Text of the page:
No surrender: German and Japanese Kamikazes

Discussion in 'World War 2' started by GearZ, Jun 30, 2016.

  1. GearZ

    GearZ Member

    The following is the Military Channel's documentary on both Japanese and German self-sacrifice units. I found it pretty interesting, so am passing it along. Cheers.

  2. joshposh

    joshposh New Member

    I didn't watch the entire documentary that you posted. But this is a subject that a few friends of mine have discussed over a few cold beers.

    Japan stated the Kamikaze runs as the allied forces got closer to Japan. Taking over and controlling island and landing strips as they got closer. This was a last ditched effort to turn the tide of the war. For the most part it the was in my opinion a very good strategic move as it would take out a the control deck or make it impossible for allied planes to take off and land.

    So with that being said, I truly believe if they implemented this type of strategy from the begging of the war, Japan would control the Pacific as US forces wouldn't be able to get their planes off the deck in time.
  3. GearZ

    GearZ Member

    It is a pretty interesting video. I watched it the other day. It goes into some detail into the German activities in that vein which are often glossed over or ignored in some histories.

    Beyond that, you postulate an interesting idea in the employment of Kamikazes earlier in the war. In the grand scheme of things, I can't imagine it would have turned the tide, but it would have made some engagements very bloody indeed.
  4. joshposh

    joshposh New Member

    Japan lost 35 to 50 thousand planes in the war. Most were at sea. Now if it only took 2 or 3 planes to take out a carriers ability to successfully deploy planes, then it would be a turning tide of the war. You figure one plane hits the control room while the other 2 takes out the main platform. There is no way they can steer or have planes take off and land.

    So it very well could turn the tide in the battle in the Pacific.
  5. GearZ

    GearZ Member

    Good points. And it is an interesting possibility. Granted, Allied forces developed strong countermeasures against Kamikaze attack in the closing stages of the war. Off the top of my head, I can't think of an analysis written post-war that explored this possibility, though someone really should. I do know the Center for Naval Analyses in Alexandria produced a piece that analyzed the defense of Kamikaze attacks with a view to its relevance to anti-missile defense in the post-war period. It is interesting, by likely outside the scope of this thread.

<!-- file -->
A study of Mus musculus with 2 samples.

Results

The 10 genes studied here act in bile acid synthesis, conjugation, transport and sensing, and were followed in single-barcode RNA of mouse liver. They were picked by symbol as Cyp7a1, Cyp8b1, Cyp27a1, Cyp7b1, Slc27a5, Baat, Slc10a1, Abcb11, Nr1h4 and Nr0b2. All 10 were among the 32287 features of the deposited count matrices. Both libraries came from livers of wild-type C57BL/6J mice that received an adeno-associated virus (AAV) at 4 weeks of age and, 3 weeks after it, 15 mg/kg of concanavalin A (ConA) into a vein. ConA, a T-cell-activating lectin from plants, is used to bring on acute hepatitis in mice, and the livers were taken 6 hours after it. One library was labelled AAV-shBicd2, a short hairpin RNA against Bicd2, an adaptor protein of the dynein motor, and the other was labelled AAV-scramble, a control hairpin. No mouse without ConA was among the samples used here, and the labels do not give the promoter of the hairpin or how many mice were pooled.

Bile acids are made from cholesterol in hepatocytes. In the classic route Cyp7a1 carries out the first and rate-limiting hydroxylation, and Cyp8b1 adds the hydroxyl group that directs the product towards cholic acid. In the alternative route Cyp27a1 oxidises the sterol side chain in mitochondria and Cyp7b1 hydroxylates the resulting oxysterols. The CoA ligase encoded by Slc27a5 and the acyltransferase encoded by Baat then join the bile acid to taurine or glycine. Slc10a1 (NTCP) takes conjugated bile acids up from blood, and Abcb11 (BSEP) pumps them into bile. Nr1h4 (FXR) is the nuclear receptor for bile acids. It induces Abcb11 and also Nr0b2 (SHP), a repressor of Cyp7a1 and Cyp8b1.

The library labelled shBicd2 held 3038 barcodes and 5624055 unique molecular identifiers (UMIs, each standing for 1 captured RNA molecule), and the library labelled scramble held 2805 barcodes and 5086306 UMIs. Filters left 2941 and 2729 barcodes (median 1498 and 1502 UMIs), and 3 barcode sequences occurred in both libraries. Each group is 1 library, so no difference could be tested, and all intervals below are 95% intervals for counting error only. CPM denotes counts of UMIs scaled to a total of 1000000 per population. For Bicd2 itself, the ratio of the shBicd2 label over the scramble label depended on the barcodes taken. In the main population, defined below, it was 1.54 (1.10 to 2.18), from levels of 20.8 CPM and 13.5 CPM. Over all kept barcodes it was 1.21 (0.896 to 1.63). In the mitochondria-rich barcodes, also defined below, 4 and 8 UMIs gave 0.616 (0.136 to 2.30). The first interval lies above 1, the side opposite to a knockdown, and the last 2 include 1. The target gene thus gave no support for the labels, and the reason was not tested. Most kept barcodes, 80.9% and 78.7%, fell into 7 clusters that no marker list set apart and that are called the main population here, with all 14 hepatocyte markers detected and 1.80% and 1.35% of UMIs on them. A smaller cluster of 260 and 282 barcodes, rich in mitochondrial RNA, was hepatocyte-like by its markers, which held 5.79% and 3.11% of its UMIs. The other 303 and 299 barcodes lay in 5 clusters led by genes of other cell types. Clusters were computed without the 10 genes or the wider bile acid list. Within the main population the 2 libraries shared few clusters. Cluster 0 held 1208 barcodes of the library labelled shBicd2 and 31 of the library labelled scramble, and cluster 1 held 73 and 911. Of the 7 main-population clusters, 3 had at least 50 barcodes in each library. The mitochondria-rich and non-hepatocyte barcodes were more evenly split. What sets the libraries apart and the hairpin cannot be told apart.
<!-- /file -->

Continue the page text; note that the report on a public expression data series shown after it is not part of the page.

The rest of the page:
6. joshposh

    joshposh New Member

    I have seen footage when the American fleet approached Japan and as we all know the Kamikazes were formed. But from what I saw, those planes did heavy damage. There were very few Japan planes left and there was no antiaircraft fire back then. Even though they were out gunned, they still go t through and did major damage to US advancing fleet. From a strategic stand point, sending those planes to take out the carriers in the beginning of the war would of been disastrous to the US fleet.

    If it took maybe 10 planes to cripple a ship in the US naval fleet. Japan lost 50k planes in the war. Sound like a better trade off in the end. Mathematically speaking that is.
  7. vashstampede

    vashstampede Active Member

    From what I understand, even at the battle for Ryukyu islands, the Japanese kamikaze planes made a mistake. All they targeted were warships. The US navy was losing 1.5 ships per day on average, yet they were so many ships and the battle did not last long enough (only a month or so) to make the US ship reinforcement/production unsustainable. If the Japanese kamikaze had targeted the supply ships instead, it could prove to be difficult for the US to continue the campaign.

    So even with enough kamikaze planes, the strategy is still the key.

    As someone was mentioned earlier about 3 planes to take out a carrier. That was not possible. I checked multiple naval engagement. In most of these cases, Japanese were losing dozens or even hundreds planes without being able to sink a single carrier. The US anti-aircraft firepower and accuracy was way above the Japanese at that point.

    Another thing I have heard is that even though Japanese had used thousands of kamikaze planes, they filled those planes with inexperienced pilots who did not have the time to train. For the experienced pilots, they still wanted them to do one run after another for better results.